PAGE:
Automakers are optimistic of Donald Trump’s presidency. They expect that the future policies of Trump will promote manufacturing of vehicles and lower costs concurrently. At an automotive testing center near Detroit, Trump addressed the concerns of manufacturers and indicated an auto boom ahead.
Trump announced the decision to re-examine the mid-term review of the agreement signed between automakers and the government in 2011, regarding the tough U.S. vehicle fuel-efficiency standards. The Obama administration fast-tracked the review process weeks before Trump was set to assume office and decided to maintain the strict regulations set earlier for 2022–2025.
Auto manufacturers and their associated groups, including the Alliance of Automobile Manufacturers and the Association of Global Automakers, have been lobbying the government to re-open the mid-term review as the process was rushed in January. The companies claimed that the cost of producing hybrids and electric vehicles is very high while demand for the same is low. The rising standards, set per the agreement, also pose a disadvantage to the high-demand pickup trucks and SUVs, affecting profitability.
Trump announced that the mid-term review would be put back on track and the Environmental Protection Agency (EPA) officials would be given time until Apr 2018 to re-evaluate the appropriateness of the standards. Per the agreement arrived at previously, automakers are required to increase the average fuel economy of cars and trucks in real-world driving to 36 mpg by 2025.
Obama’s administration projected costs of about $33 billion to the industry to meet the standards and Ford Motors Company (F - Free Report) CEO, Mark Fields, stated that about 1 million jobs would be at risk if the rules are not aligned with reality. While Trump’s decision has no immediate affect, the EPA will submit a new proposal next year if it determines the standards are not appropriate for 2022–2025.
AutoNation, Inc. (AN - Free Report) CEO, Mike Jackson, praised Trump’s decision, stating that the environmental measures put in place previously were “too extreme” for businesses.
Further, Trump stated that his administration remains focused on elimination of regulations that curb industry growth as well as lowering of taxes to promote job creation. He also ensured to keep in place regulations that protect the union workers’ jobs and auto factories, promising promotion of growth in the auto sector. Moreover, he stated that the existing “assault” on the U.S. auto industry has now ended.
Trump will also be reviewing trade deals, particularly NAFTA, that he believes has been adversely affecting the U.S. auto industry and its workers.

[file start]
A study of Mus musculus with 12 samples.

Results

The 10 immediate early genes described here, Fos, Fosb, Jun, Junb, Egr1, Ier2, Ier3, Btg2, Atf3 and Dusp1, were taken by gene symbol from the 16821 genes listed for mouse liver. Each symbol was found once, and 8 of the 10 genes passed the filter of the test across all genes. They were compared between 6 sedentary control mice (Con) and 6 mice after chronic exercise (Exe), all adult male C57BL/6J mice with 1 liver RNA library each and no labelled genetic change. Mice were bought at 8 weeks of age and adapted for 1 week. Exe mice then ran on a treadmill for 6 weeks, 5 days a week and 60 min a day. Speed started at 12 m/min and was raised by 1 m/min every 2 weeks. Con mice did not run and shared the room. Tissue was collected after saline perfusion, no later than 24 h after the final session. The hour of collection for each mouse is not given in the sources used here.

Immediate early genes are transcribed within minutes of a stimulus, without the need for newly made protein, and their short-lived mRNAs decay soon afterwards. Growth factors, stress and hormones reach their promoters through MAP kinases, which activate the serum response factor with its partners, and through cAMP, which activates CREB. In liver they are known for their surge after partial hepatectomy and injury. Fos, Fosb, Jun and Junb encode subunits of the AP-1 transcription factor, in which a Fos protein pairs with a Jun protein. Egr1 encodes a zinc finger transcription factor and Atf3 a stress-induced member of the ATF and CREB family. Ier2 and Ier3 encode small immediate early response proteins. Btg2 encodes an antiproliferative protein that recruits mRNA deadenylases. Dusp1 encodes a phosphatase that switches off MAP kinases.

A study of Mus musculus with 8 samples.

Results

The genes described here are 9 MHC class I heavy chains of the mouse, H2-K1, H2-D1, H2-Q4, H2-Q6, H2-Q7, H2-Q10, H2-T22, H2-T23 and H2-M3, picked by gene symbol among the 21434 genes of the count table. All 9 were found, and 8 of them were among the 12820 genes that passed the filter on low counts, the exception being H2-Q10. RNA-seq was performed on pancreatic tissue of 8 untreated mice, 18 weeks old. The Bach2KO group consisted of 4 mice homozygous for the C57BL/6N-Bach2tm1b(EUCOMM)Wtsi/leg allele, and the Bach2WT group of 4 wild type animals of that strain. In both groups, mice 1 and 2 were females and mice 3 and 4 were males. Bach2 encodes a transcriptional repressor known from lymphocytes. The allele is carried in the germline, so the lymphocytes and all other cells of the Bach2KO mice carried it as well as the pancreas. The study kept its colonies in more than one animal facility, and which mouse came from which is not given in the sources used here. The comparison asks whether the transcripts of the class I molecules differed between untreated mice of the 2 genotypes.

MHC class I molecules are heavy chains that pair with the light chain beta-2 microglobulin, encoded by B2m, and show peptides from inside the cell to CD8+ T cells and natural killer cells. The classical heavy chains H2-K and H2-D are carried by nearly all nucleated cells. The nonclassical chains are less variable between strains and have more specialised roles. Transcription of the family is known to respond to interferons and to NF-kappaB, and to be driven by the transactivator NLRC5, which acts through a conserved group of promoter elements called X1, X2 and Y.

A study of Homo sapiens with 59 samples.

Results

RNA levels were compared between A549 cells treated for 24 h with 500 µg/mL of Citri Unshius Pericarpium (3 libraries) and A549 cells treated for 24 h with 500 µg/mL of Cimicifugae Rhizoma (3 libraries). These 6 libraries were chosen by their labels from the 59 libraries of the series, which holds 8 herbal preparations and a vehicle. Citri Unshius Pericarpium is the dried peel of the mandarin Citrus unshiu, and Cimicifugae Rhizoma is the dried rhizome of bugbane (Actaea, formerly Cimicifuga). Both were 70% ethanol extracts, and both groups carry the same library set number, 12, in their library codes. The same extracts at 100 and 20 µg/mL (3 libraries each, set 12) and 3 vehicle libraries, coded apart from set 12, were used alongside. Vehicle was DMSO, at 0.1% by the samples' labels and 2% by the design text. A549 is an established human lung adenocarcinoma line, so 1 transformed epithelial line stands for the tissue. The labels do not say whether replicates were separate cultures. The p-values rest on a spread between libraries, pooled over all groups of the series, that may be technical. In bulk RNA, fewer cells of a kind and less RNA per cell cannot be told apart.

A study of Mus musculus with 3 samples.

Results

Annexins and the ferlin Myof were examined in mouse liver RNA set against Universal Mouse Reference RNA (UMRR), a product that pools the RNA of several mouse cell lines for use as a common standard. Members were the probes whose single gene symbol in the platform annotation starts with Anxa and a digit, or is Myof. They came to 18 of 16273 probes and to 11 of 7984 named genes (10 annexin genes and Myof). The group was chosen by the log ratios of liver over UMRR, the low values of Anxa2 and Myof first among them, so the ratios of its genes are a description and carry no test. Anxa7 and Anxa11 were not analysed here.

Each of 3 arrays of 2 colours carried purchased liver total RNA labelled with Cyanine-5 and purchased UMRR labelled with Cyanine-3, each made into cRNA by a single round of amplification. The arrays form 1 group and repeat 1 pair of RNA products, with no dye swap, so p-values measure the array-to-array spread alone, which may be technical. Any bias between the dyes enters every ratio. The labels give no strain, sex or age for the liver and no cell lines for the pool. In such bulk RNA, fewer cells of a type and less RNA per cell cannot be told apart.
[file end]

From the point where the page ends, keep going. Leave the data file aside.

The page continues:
Quid Pro Quo
While Trump has been extending his support to the auto sector, he expects the manufacturers to increase employment as well as production in the U.S. However, automakers find it difficult to expand production as U.S. sales are expected to be nearing their peak.
Nevertheless, General Motors Company (GM - Free Report) also announced its decision to add 220 jobs at a plant in Romulus, MI, retain 180 jobs from a previously announced cut and bring back 500 jobs of a recently announced cut by 2018. The company stated that its plans were not related to decisions announced by Trump. Fiat Chrysler Automobiles N.V. (FCAU - Free Report) and Ford were praised by Trump for their recent job announcements.
Notably, automakers remain focused on technological development, introducing fuel-efficient initiatives and electric vehicles. The manufacturers are working toward lowering emissions and are looking for flexibility in timelines and targets through the review.
What Lies Ahead?
While the reevaluation does not mean any immediate reprieve for automakers, they are optimistic of Trump’s support to the industry. Moreover, while the government has stated that California’s efficiency rules, which are stricter than that of the EPA, will not be revoked, it might seek to withdraw the state’s authority in the future.
With Trump’s assurance of accelerated growth in the industry, automakers are likely to benefit during his presidency. Further policies related to lower taxes and regulations are expected to be accretive for the industry.
What do the Numbers Say?
While the Zacks classified auto sector has not outperformed the market at large over the last five years, a more value oriented path seems be ahead. Looking at the industry’s EV-to-EBITDA (enterprise value to earnings before interest, tax, depreciation, and amortization) multiple, which is a good multiple for valuing automakers because of their capital-intensive business, investors could be interested in the sector.
The industry currently has a trailing 12 month EV/EBITDA ratio of 8.24. This level compares favorably with what the industry witnessed in the last five years. The ratio is lower than the midpoint of 9.52 and is significantly below its high of 13.42.
Moreover, it compares favorably with the market at large, as the current EV/EBITDA for the S&P 500 is at 10.96 and the median level is 9.08.
So while the sector is expected to perform well in the near future fundamentally, the low valuation multiple further increases the potential for an upside in the upcoming quarters.